International Transgender Day fights phobia

November 23, 2013

Rita Hester was found murdered inside her apartment on November 28, 1998. Hester was transgender and also African American, her death highlighting not only the issue of transphobic murder, but also the disproportionate representation of people of colour among its victims.

Her murder is still unsolved but an international day of action known as Transgender Day of Remembrance (TDOR) is marked on November 20 each year.
Hester’s murder was preceded and followed by other high profile transphobic murders.

Marsha P Johnson, a major queer liberationist who helped lead the Stonewall riot, was found floating dead in a river in 1992. Brandon Teena was raped and murdered in 1993 — the harrowing film Boys Don’t Cry told his story.

Amanda Milan was murdered in 2001, provoking the reestablishment of the Street Trans Action Revolutionaries, first founded in 1970. All these murders fuelled the deep discontent that has culminated in the TDOR.
TDOR is important because transphobic murders do not get much publicity in the mass media. It falls to the community to shine a light on this ongoing global tragedy, to gather information and to fight back.
This year, 225 events were held around the world for TDOR, memorialising 238 people murdered over the past year. This should not be seen as the total number of victims. There have undoubtedly been many more that TDOR organisers have not been informed of.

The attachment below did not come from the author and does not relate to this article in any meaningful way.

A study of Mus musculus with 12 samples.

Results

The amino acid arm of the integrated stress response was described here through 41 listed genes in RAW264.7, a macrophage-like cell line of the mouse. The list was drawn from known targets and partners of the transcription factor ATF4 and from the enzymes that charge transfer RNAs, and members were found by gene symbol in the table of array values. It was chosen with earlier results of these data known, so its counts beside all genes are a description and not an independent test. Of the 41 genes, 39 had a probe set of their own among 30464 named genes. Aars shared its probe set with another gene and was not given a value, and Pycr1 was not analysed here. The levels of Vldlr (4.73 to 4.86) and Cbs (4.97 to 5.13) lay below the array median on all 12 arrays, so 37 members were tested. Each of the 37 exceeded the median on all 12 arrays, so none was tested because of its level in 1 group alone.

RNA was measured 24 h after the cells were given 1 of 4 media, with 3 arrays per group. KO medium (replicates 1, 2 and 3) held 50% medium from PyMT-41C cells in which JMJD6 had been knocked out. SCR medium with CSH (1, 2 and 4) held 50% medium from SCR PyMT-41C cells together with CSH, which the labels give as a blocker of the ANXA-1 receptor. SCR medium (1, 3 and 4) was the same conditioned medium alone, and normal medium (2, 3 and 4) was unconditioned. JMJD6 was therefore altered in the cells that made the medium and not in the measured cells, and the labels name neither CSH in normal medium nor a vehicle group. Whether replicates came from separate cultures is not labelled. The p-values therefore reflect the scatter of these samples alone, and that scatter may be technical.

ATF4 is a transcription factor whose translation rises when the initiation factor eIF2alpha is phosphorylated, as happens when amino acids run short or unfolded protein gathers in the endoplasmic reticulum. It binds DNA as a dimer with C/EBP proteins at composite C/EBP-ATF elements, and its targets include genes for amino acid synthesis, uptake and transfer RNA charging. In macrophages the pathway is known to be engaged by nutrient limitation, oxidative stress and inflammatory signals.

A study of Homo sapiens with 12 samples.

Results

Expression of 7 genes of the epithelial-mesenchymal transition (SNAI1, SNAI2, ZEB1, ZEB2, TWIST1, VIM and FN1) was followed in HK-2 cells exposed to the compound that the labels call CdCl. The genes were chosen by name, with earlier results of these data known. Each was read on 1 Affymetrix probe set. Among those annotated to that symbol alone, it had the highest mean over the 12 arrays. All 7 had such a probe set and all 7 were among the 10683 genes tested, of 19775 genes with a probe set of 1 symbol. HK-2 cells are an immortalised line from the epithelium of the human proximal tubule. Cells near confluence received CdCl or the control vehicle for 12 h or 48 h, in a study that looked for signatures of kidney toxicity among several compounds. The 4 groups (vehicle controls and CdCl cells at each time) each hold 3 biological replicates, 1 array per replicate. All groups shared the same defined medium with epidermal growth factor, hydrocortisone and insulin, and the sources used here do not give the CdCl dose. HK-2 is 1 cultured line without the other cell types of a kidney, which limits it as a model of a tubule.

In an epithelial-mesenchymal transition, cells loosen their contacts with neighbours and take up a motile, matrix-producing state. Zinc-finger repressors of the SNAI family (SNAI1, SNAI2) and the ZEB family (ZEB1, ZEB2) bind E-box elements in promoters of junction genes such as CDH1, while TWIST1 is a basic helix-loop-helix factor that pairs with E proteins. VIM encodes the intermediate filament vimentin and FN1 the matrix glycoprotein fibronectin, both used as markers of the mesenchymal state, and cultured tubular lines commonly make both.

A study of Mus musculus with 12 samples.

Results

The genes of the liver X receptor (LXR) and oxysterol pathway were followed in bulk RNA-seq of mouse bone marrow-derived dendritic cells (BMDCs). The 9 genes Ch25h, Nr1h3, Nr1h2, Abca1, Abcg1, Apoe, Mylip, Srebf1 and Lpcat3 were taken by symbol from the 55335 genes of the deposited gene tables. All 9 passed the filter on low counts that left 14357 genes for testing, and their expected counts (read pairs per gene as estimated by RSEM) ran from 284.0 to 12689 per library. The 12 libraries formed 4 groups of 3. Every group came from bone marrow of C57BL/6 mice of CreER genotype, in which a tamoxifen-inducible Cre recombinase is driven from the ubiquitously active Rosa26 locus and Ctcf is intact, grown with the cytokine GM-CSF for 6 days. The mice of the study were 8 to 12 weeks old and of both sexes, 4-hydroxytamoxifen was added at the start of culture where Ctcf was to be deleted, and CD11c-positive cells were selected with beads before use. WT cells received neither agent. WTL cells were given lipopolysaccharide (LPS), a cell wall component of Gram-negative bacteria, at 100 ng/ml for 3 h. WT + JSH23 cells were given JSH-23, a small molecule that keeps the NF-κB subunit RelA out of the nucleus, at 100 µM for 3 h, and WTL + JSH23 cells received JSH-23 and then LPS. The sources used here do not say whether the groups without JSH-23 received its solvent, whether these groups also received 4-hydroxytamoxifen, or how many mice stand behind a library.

This year’s TDOR highlighted the injustices faced by trans people in the global south. More transphobic murders were listed from Mexico and Brazil than from any other country.
TDOR has been commemorated in Australia since 2002. This year, 35 people gathered in Perth and 70 in Sydney.

Long term trans activist Sarah Jayne Marquez told the Sydney crowd that Gordon Tucky, Ronald Brown and Joanne Lillycrapp were all murdered in Australia by trans haters. 

The Australian ceremonies highlighted suicides as well as murders. Trans and Aboriginal communities are still seeking justice for Veronica Baxter, who died in custody in 2009 after being held in a male prison and denied her hormones.
The Sydney event, organised by The Gender Centre, featured speeches, musical and poetry performances and a minute’s silence to remember trans people who had been murdered in a hate crime, or had suicided.

The Centre also hosted a discussion in NSW Parliament on November 22, inviting some politicians to come along. Plans have begun for next year’s event to focus on state and federal governments, demanding public housing, easier transition papers, and free operations for trans people.
The Perth event was sombre and reflective, but full of fighting spirit. Part of the ceremony was devoted to Amber Maxwell, a core activist from Equal Love WA and Socialist Alternative who committed suicide in August this year. The Perth event was poignant because Amber’s last proposal to the queer movement before she died was to hold a TDOR event in Perth this year.
The Perth event marked increasing collaboration between the trans community and marriage equality activists. Leading trans activists also spoke at the equal marriage rights rally on November 23, raising a demand for state-based anti-discrimination legislation.  
The Transgender Day of Remembrance is a big achievement. Trans activists have not only survived everything that trans people go through, but are strong enough to organise their community to commemorate their dead.

As much as TDOR highlights injustices, it also demonstrates human resilience.